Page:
Dream Defenders Return, Call Capitol Access Rule ‘Ridiculous”
September 24, 2013
The Dream Defenders, a group that held a month-long summer encampment outside the governor’s office, returned to Tallahassee on Monday and called a proposal to limit after-hours access to the Capitol a “ridiculous” stifling of the public’s right to free speech.
However, the Hialeah-based group intends to remain focused on the difficult task of changing laws about self-defense and racial profiling rather than contesting the Florida Department of Law Enforcement’s proposal, which would try to spur the public to leave the Capitol by 5 p.m. on weekdays or within 30 minutes of the end of public meetings.
Those who don’t leave when requested could face trespassing charges.
FDLE spokeswoman Gretl Plessinger said Monday afternoon the agency continues to await approval or comment from the offices of the governor, the Senate president and the House speaker.
Dream Defenders Legal and Policy Director Ahmad Abuznaid said Monday that the proposed rule is a danger to free speech and the right to assemble.
“We feel like if we were big money and had millions of dollars to come voice our opinion to the legislators this wouldn’t be a problem,” Abuznaid said.
The stated purpose of the rule is to enable the police to better secure the Capitol complex.
The FDLE proposal would also prohibit people from staying overnight or preparing food in publicly accessible parts of the building. There would also be additional restrictions on people who have access cards to the building and how many other people who would be allowed to accompany them.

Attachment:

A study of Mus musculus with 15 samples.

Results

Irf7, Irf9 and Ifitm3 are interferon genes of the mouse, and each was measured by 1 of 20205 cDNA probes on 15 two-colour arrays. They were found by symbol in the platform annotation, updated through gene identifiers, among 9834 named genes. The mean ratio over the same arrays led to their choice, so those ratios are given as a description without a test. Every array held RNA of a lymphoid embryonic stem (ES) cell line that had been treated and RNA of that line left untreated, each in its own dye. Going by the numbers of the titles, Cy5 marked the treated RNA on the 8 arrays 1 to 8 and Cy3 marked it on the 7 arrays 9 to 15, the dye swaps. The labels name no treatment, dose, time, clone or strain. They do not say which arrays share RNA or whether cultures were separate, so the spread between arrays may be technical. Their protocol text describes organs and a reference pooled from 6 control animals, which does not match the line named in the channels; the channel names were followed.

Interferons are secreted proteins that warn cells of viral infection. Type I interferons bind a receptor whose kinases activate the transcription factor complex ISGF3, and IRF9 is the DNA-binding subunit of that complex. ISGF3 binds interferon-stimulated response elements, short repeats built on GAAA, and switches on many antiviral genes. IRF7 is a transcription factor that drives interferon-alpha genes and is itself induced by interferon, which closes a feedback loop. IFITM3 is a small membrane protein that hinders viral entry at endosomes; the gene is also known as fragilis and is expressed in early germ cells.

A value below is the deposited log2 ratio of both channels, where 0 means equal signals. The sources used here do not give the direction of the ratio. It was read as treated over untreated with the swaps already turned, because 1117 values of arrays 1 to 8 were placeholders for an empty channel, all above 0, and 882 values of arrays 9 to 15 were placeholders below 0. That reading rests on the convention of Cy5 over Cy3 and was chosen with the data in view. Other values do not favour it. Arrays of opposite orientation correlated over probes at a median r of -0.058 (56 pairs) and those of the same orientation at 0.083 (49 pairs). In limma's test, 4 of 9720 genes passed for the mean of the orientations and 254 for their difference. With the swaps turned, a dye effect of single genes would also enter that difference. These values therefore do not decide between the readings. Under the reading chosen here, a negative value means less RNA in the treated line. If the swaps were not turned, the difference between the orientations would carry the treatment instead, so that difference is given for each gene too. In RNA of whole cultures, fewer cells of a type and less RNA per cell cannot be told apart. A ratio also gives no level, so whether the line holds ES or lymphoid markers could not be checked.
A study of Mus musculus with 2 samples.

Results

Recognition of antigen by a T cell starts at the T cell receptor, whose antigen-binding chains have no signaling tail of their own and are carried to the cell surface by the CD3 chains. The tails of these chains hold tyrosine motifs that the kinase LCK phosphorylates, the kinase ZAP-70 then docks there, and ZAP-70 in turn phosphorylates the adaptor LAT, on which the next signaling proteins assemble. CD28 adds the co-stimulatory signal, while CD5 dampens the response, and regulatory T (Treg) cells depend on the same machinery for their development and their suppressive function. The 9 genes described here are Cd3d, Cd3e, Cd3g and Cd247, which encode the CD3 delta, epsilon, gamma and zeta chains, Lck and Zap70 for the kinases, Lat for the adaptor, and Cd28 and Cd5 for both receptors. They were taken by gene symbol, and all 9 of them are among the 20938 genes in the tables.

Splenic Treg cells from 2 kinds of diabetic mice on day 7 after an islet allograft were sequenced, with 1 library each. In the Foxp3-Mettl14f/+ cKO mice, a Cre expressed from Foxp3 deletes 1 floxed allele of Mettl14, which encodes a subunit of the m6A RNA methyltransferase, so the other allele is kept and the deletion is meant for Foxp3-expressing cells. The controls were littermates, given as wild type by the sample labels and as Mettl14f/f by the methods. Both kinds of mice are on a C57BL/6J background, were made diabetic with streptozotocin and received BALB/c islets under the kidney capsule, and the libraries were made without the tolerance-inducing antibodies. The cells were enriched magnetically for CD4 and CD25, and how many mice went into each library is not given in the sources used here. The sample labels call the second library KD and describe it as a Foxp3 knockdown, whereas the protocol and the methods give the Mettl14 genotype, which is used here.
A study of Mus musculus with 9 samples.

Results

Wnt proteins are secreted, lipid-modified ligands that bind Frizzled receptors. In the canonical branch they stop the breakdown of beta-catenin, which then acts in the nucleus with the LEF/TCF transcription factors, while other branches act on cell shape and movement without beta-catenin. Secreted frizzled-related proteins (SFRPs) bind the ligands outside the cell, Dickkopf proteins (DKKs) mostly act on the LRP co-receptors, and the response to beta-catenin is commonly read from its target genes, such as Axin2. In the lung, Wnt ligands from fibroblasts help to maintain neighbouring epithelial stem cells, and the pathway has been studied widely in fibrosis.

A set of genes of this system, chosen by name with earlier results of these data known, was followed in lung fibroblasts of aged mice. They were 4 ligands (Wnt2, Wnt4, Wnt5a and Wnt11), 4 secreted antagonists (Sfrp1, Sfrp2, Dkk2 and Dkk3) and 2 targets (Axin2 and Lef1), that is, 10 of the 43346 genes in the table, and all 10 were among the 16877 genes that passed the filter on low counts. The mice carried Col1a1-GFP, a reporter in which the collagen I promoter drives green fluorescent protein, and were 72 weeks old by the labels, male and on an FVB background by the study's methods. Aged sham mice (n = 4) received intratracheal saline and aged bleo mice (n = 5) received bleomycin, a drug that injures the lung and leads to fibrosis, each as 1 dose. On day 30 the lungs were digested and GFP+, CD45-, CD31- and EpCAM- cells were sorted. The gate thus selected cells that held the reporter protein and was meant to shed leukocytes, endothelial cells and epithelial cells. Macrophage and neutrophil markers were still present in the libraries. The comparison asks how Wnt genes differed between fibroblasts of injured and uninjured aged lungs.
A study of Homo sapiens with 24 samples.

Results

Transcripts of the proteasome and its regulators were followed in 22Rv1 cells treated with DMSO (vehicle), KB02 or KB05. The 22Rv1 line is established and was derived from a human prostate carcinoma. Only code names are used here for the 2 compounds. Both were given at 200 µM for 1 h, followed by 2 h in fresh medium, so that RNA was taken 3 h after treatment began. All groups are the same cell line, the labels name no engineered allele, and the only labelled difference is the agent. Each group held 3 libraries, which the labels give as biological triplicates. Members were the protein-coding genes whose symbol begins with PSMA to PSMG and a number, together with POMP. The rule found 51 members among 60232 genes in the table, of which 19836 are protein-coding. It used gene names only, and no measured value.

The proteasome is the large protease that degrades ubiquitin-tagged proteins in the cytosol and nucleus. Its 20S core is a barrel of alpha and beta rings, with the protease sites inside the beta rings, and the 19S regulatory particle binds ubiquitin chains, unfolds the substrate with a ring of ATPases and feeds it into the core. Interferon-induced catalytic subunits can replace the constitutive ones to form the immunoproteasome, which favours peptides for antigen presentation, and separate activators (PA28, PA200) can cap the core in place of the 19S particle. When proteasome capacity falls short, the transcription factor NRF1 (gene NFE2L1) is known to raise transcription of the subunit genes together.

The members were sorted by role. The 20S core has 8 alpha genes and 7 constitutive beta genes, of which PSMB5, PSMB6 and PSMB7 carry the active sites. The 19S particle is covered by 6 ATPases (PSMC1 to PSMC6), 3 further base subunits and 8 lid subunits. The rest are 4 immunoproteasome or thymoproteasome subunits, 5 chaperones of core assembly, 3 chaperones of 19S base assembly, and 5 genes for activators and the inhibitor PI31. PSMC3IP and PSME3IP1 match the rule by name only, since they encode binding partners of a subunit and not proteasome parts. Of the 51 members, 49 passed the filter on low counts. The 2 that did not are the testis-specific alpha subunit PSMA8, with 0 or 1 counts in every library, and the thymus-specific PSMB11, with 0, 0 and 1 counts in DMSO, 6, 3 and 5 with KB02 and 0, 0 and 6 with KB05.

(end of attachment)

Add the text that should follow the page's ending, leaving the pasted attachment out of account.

The Dream Defenders held a 31-day sit-in inside the Capitol from July 16 to Aug. 15, arriving after the acquittal of George Zimmerman in the 2012 shooting death of teen Trayvon Martin in Sanford.
The FDLE has estimated the around-the-clock protest ran up a tab of $505,248 for Capitol police. The total included regular pay plus overtime, which has been put at $172,592.
“It’s a little ridiculous,” said Dream Defenders Political Director Ciara Taylor. “We’re asking for FDLE to look into discrimination, to take a deep look at racial profiling and how law enforcement connects with black and brown people across the state, and it seems like they don’t have time to do that. But they do have time to come up with a rule against taxpaying citizens of this state, basically making the Capitol inaccessible.”
The sit-in drew a steady stream of visitors, including entertainer and civil-rights veteran Harry Belafonte and rapper Talib Kweli. Another visitor was longtime activist Jesse Jackson, who touched off his own media storm by claiming that Florida practiced apartheid and comparing Gov. Rick Scott to segregationist Alabama Gov. George Wallace.
The Dream Defenders spent Monday afternoon training about 40 members in the Old Capitol about how to lobby legislators, who are in Tallahassee this week for the first committee meetings leading up the 2014 session.
The group remains hopeful that lawmakers will advance proposals, beyond a one-day House hearing on the “stand your ground” law that is expected in October.
Several already-filed bills are directed at the law, with a proposal (SB 130) by Sen. David Simmons, R-Altamonte Springs, expected to have the best chance to advance.
Simmons’ proposal would require local law enforcement to issue “reasonable” guidelines for the operation of neighborhood watch programs. Zimmerman was a neighborhood-watch volunteer when he shot Martin during an altercation.
The bill closely matches part of a broader proposal (SB 122) that Senate Minority Leader Chris Smith, D-Fort Lauderdale, filed to address the “stand your ground” law.